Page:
Bacteria produce biofuel… in a test tube!

The DirectFuel consortium manipulates bacterial enzymes and metabolic pathways in an attempt to turn carbon into gas

Biofuels were once heralded as fuels of the future. But growing biomass for fuel consumes agricultural land and requires energy greedy processing – it fails to deliver. Water borne algae may be a superior alternative.

Despite common belief plants are not the only organisms able to photosynthesise: cyanobacteria – known as blue-green algae – have picked up the knack too. But while algal growth does not require farmland or fresh water, we cannot ferment or burn bacterial biomass. So how can energy be extracted?

International scientists are collaborating on the DirectFuel project to engineer bacterial enzymes and hack metabolic pathways to turn carbon - the end product of photosynthesis - into gasses such as propane.

At The University of Manchester Professor Nigel Scrutton and Professor David Leys from the Faculty of Life Sciences purify bacterial enzymes to profile their crystal structure and activity. “We have already manipulated an enzyme to produce propane gas from the precursor compound butyraldehyde,” says Professor Scrutton. “This will be one of the final reactions in a long metabolic pathway that will turn carbon into propane gas. It is a major step forward.”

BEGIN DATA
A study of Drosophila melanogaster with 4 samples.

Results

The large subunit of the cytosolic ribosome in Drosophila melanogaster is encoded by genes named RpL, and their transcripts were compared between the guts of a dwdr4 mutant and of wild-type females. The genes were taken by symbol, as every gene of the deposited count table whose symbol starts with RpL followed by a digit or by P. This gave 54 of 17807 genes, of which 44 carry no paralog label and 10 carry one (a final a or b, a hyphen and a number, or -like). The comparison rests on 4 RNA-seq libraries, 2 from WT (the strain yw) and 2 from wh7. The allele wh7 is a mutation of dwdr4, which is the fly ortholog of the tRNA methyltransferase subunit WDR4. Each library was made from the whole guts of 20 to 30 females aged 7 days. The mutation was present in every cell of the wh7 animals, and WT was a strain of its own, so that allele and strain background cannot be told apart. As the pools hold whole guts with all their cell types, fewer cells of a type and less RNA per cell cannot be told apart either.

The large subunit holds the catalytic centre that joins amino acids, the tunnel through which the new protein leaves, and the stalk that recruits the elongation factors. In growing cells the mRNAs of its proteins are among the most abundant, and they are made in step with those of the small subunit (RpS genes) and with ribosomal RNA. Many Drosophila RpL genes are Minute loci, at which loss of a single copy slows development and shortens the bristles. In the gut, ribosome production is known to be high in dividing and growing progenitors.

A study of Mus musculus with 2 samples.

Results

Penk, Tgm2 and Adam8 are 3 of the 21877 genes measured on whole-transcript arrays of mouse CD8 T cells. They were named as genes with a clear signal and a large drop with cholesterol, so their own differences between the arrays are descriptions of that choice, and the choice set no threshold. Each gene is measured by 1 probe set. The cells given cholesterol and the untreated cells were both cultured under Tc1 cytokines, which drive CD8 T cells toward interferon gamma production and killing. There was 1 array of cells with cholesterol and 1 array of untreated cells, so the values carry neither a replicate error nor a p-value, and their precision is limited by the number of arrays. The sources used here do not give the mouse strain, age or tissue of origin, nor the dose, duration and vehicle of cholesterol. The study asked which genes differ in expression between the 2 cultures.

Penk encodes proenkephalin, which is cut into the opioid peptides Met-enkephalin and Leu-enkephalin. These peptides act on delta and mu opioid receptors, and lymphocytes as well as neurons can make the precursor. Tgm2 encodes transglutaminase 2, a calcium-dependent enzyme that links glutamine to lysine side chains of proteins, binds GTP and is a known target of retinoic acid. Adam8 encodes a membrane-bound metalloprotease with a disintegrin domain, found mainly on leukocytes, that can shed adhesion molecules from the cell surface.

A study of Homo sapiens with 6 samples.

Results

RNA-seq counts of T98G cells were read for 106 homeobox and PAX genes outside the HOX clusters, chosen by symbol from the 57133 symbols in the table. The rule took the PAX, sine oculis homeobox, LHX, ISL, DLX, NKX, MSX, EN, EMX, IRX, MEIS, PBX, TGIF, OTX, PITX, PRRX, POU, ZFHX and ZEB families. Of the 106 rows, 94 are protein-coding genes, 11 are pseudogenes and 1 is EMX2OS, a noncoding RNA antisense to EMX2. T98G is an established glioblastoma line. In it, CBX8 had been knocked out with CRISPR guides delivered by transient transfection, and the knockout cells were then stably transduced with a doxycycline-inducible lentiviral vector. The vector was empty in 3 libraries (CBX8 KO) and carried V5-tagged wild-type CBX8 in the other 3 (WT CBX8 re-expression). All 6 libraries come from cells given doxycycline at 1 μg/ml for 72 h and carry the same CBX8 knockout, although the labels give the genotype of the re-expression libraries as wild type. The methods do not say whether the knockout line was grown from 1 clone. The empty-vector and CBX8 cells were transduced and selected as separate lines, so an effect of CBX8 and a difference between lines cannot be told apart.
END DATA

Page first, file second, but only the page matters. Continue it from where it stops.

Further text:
Now Professor Scrutton and Professor Leys are working to optimize the enzyme to increase gas yields. They are combining knowledge of structural biology and chemistry to build computer models to predict which enzyme structures will work fastest. By mutating and screening hundreds of thousands of enzymes at once the researchers can then test their predictions.

“We are making significant progress but we want to do more than make our enzymes efficient – we want to outstrip natural photosynthesis,” enthuses Professor Scrutton. “Sugar cane, for example, has some of the most efficient photosynthesis reactions but only harvests 1-2% of the available energy. If we can manipulate cyanobacteria to harvest even a fraction more energy we will have a potent, cheap and absolutely sustainable fuel source.”

The DirectFuel project is unique in its focus on cyanobacteria. It holds the potential to put biofuels back at the forefront of the fuel sector.

Professor Scrutton concludes: “Is it exciting? Most definitely! The technology has the potential to transform the fuel sector.”

Project fact file

Project name: DirectFuel

Lead researchers: Professor Nigel Scrutton and Professor David Leys

Faculty: Faculty of Life Sciences

Research group: Biophysics and Structural Biology

Research institute: Manchester Institute of Biotechnology

Dates: October 2010 – September 2014

Funding: EU FP7

Partners: University of Turku (Finland); VTT (Finland); Albert Ludwigs University; Freiburg (Germany); Humboldt University; Berlin (Germany); University of Michigan (USA); Kobenhavns University (Denmark); Chemtex Italia SRL (Italy); Photon Systems Instruments (Czech Republic)

The technology has the potential to transform the fuel sector.

Did you know?

Even efficient plants only harvest 1-2% of the potential energy from photosynthesis.